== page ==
MOVIE REVIEW: Take Shelter
Starring Michael Shannon, Jessican Chastain and Shea Whigham
With only two feature films under his belt, American director Jeff Nichols has already proven himself a brilliant chronicler of blue-collar malaise. Nichols’s full-blooded characters, all regular citizens tip-toeing on the edge of sanity, feel the intense pressure of time passing, making their personal themes of identity and class a reflection of flawed social structures. As a result, individual moments weigh heavily on the soul, revealing everyday life as a kind of constricting vice where love and hate elementally mesh.
Temporal pressure is certainly at the forefront of 2008’s Shotgun Stories, Nichols’s gripping debut about two sets of half-brothers feuding over the memory of their dead father. Here, the devastating ripples of physical violence seamlessly overlap, making tragedy a daily threat. Time plays an even more important role in Nichols’s sophomore effort, Take Shelter, a haunting character study that completely internalizes the pain of generational angst through the fractured experience of Curtis (Michael Shannon), a construction foreman and family man who may be slowly going mad.
A foreboding sense of dread is evident from the very first moment of Take Shelter, as Curtis stands outside of his house and witnesses an epic rainstorm approaching on the horizon. Droplets of light yellow liquid start falling from the sky, and this gothic image becomes a sort of heightened widescreen nightmare. Seconds later, Curtis wakes up in bed sweating profusely. Natural visions like this one torment Curtis throughout Take Shelter, and Nichols organically merges them with his character’s fragile sense of reality through fascinating graphic matches of imagery and sound.
Yet, Take Shelter isn’t just about Curtis’s slide into mental isolation, but also how that process slowly erodes the fabric of his family structure. When Curtis secretly attempts to deal with his slipping sense of reality by taking sedatives and visiting a counselor (he can’t afford a psychiatrist), his wife Samantha (Jessica Chastain) and deaf daughter Hannah (Toya Stewart) become not only casualties of his dreams, but symbolic participants. In fact, everything Curtis loves turns into a representation of death and violence within his increasingly vibrant nightmares, destroying his sense of familial safety from the inside out.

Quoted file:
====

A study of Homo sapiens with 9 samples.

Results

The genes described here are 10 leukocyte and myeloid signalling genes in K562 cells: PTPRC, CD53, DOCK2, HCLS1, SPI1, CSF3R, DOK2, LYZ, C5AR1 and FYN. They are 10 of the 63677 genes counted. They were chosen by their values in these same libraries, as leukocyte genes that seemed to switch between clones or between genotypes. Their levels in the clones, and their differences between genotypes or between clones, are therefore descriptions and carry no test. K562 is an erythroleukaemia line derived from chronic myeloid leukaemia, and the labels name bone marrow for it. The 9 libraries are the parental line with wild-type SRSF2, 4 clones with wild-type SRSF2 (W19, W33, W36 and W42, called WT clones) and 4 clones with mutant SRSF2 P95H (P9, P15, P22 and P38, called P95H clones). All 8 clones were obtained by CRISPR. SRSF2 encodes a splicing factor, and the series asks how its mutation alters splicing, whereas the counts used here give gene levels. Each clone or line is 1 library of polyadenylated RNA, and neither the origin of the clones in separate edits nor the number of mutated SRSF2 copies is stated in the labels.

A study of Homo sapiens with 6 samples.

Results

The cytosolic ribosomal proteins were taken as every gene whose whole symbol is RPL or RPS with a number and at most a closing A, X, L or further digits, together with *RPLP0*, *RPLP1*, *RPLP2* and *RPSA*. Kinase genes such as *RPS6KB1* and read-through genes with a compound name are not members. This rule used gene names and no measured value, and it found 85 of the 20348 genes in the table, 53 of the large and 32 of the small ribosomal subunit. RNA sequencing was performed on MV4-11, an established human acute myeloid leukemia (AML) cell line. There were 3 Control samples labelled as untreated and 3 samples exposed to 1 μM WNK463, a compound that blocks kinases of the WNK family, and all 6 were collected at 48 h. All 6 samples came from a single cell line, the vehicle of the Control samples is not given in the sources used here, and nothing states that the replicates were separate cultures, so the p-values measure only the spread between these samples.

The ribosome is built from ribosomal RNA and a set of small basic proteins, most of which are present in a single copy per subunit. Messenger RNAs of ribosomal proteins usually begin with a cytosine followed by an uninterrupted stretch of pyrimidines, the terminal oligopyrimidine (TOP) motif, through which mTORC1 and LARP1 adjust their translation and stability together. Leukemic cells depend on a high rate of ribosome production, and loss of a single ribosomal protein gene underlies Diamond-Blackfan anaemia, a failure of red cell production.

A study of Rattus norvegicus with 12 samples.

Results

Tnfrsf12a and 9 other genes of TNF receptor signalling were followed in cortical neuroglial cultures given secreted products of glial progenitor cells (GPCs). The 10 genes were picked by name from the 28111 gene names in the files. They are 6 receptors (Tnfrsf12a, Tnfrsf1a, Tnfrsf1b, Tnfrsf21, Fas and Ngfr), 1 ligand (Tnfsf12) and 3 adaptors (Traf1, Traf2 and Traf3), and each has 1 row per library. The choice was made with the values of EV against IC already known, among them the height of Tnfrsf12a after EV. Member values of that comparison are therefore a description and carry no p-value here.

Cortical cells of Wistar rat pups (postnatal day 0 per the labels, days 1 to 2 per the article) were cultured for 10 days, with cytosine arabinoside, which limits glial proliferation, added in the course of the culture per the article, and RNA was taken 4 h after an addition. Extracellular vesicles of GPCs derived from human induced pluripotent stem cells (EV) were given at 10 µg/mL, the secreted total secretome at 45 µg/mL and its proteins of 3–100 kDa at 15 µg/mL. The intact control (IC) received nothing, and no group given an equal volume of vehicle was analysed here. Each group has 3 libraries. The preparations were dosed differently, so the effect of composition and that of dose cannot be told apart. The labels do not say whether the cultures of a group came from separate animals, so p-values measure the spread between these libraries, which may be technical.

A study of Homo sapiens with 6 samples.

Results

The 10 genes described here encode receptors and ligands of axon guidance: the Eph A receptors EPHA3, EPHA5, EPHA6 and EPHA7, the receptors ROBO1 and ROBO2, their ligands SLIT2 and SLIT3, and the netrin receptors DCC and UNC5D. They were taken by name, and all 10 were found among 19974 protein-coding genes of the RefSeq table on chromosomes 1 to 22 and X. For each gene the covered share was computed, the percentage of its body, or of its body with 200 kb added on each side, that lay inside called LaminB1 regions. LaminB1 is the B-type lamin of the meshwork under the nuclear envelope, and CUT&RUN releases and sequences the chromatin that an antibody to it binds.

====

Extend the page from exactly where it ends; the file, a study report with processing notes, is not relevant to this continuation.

Throughout Take Shelter, Nichols contrasts Curtis’s very enclosed experience with the judgment other’s place on his erratic behavior. Early on, best friend Dewart (Shea Whigham) “pays him the ultimate compliment” by telling Curtis he lives a good life. Later, that proclamation turns poisonous during a Lion’s Club supper gone terribly wrong, a climactic public display of social and mental segregation. It’s clear the ramifications of Curtis’s nightmares have a communal impact, and Take Shelter shows the spread of doubt through the distrusting facial expressions of his friends and neighbors.
Take Shelter, a visually expansive film in many senses, should be seen on the big screen to fully appreciate Nichols’s expertly balanced compositions. His juxtaposition of epic imagery with Curtis’s personal tics of anguish often occurs within a single frame. Also, enough can’t be said of Shannon and Chastain’s titanic performances, characterizations working in tandem to create a tortured couple grasping at the last tangible grace notes of emotional connection. Nichols’s mines their nuanced relationship and finds a true rarity in cinema: a crumbling family dynamic devoid of melodrama. Through the tortured eyes of Curtis and Samantha, Take Shelter sees the modern American dream as a sublime struggle to continuously trust and survive. These are the ties that bind.
Take Shelter is currently playing a limited run at the Landmark Hillcrest Cinemas.